Google has just held its annual I/O developer’s conference, where it lets the folks who do the hard programming work into making apps and services built on Google frameworks get together to learn what’s new.
At IO 2019, Google released new hardware such as the much more affordable Google Pixel 3a, which is available in Australia now. It also launched a new Nest-branded Home Hub with embedded camera that we won’t see for a few months.
Hardware isn’t really Google’s game, though, there’s little doubt that if Google lost search supremacy to Microsoft’s Bing or the DuckDuckGo engine, its business model would take a serious hit.
Text-based search may feel like a “solved problem” for Google. It’s actually something it constantly refines. This is at least to keep ahead of folks who try to “game” Google’s algorithm to ensure higher search visibility.
The business of ranking is only half the problem, however. There’s also how you present that information to a worldwide audience. At its I/O conference, Google announced smart new ways you’ll soon be able to see and experience search results.
The headline feature for search is the inclusion of Augmented Reality (AR) into search results. Google showed this off on stage with an Android phone searching for Great White Sharks.
You could go surfing off the coastline of Australia to try to get up close and personal with a Great White. That’s a risky proposition without a supply of oxygen, a shark cage and, frankly, nerves of steel.
The way Google’s AR search would have it, you’d end up with a virtual Great White projected via your phone’s display instead.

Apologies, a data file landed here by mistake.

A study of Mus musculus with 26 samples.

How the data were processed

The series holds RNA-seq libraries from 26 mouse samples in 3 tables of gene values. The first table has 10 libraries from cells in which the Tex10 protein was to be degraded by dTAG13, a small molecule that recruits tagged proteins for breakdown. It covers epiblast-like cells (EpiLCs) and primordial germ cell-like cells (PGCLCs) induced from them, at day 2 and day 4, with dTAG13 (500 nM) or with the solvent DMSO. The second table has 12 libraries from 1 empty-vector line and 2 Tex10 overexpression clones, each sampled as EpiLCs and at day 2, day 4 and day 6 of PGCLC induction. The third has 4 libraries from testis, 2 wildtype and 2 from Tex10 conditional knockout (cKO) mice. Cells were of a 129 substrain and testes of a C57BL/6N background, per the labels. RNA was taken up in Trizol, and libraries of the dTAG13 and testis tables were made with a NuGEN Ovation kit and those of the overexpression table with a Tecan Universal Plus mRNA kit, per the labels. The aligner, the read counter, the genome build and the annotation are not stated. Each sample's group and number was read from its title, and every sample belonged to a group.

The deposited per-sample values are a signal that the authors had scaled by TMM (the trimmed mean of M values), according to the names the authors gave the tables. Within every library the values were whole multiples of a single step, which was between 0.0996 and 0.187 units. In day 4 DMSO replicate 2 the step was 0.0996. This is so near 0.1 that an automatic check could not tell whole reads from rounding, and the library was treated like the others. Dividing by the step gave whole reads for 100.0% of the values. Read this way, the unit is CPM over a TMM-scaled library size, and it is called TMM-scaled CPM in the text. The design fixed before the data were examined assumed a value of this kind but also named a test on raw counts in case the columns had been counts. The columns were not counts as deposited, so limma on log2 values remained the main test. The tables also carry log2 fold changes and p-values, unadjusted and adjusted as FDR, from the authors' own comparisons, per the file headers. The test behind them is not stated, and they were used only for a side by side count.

A good way to get a visual appreciation of a shark, with none of the risk. Google’s rolling out the new AR search over the coming months. If you’re on a compatible device, you should start to see AR results as an option — depending, of course, on whether anyone’s built an AR model of what you want.
Google is also making some significant visual changes to its Google Lens search system.
Google Lens uses your phone’s camera and some pretty smart machine learning to give you contextual information about whatever it’s looking at.
Point it at the Sydney Opera House and it can tell you plenty about this iconic Australian landmark. Point it at the MCG, and you might just get the cricket scores.
Google’s enhancing Lens by adding features like restaurant menu scans, so you can see images of popular dishes on a menu that Google recognises.
That works when (and if) people have saved photos of those dishes to Google’s drive service, because it can then link the geographic data (and in some cases the text that accompanies it) to the location you’re in. Doing so in real time is rather neat.
With an eye to the developing world, Google’s also bringing its Google Lens product to low-cost Android Go phones. Here in Australia we’re not developing, but you can pick up a number of Google Android Go handsets at low prices, and pretty soon you’ll be able to use Lens in the same way as a full Android phone. What’s more, Google Lens will be able to read text in signs out loud.
That’s quite a useful feature in countries where literacy rates are low, but one that could also be handy for folks here in Australia, whether it’s those learning English, or for when you’re faced with a sign in another language and you’re simply curious.